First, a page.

How To Improve Customer Loyalty And Your Net Promoter Score

The best leaders recognize the importance of excellent customer experience. They conduct their due diligence to design the experience and carry it out.

If you’ve ever put your trust into a business by making a purchase from it, you likely know what it feels like to go through a poor customer service experience. In just the blink of an eye, you go from excited and hopeful, to frustrated and angry. With experiences like these being so commonplace today, there’s a prime opportunity for businesses to create a “wow” experience as their differentiator.

The best leaders recognize the importance of excellent customer experience. They conduct their due diligence to design the experience and carry it out. At my company, we add meaning to our customer experience by maintaining our Net Promoter Score (NPS), which is an active, fluid way to measure customer loyalty.

The Dollar Shave Club is a prime example of a company with an above-average NPS score that has contributed greatly to its value. With a consistent commitment to enhancing their core customer experience, it recently sold to Unilever for $1 billion.

Here are three ways you can add value to your own customer experience and start building an above-average NPS of your own:

 

Empower employees to navigate customer challenges

Most businesses provide tools and education to help their employees boost knowledge and emotional intelligence, but they often leave out a key skillset that sets the stage for the best customer experience: personal control (i.e. the control quotient, or CQ). This is the ability to stay calm when things are challenging — not just once — but when handling every challenge.

 


 

Don’t aim for satisfaction, aim for customer loyalty

If you want a NPS that indicates customers feel great about their experience, you have to go beyond meeting their needs. After all, customer satisfaction is only one part of the customer experience. If you ignore how the customer feels throughout their experience, customer loyalty is much harder to achieve.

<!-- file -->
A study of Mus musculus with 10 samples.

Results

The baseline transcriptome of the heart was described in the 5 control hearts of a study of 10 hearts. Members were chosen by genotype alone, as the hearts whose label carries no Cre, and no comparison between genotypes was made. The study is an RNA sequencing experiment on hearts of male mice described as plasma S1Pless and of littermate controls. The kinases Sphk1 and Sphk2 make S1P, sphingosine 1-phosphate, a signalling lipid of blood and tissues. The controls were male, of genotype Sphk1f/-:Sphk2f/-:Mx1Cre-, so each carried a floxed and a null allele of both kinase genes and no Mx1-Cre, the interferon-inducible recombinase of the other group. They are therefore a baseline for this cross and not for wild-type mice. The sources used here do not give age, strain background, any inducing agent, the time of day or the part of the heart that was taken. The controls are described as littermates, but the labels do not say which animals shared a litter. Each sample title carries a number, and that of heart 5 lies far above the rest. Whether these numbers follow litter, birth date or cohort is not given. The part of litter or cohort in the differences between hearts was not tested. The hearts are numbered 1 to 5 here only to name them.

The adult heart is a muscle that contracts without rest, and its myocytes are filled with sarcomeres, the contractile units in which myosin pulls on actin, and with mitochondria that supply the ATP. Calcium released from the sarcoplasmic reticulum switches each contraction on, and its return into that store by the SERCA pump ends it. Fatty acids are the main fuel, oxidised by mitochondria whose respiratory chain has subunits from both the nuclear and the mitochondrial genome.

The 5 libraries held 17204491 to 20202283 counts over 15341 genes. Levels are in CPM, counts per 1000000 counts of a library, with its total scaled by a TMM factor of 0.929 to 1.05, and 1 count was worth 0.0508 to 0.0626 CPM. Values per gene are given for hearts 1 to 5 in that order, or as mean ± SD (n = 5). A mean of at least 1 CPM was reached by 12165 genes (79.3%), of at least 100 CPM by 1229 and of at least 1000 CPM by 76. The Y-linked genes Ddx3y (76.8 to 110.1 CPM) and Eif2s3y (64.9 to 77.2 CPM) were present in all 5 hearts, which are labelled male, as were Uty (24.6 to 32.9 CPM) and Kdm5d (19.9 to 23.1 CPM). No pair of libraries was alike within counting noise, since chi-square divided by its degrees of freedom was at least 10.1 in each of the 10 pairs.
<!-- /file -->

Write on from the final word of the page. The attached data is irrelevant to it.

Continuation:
Take care of your employees

Happy employees take care of customers. Sam Walton, founder of Wal-Mart, once said: “If you want the people in the stores to take care of customers, you have to make sure you’re taking care of the people in the stores.”

If you truly want to serve your customers and offer them the best solutions, you must adopt an employee-centric management strategy. When employees aren’t treated well, they’re too frustrated to provide a good customer experience. Richard Branson said it best: “If the person who works at your company is not appreciated, they are not going to do things with a smile.”

Employees also give customers clues into what your company really stands for. If your customers see employees being mistreated and undervalued, it speaks volumes far beyond what any marketing campaign or product solution could repair.

 

In order to achieve the highest Net Promoter Score, business owners need to prioritize employees first, customers second and shareholders third. When you follow this model, all three stakeholders get exactly what they were looking for out of your brand.

 

Simon Casuto is the co-founder and president of eLearning Mind, an interactive creative agency focused on designing education and corporate learning by leveraging ultra-modern design principles combined with science-back neurolearning principles to deliver smart, beautiful and engaging experiences that also deliver results.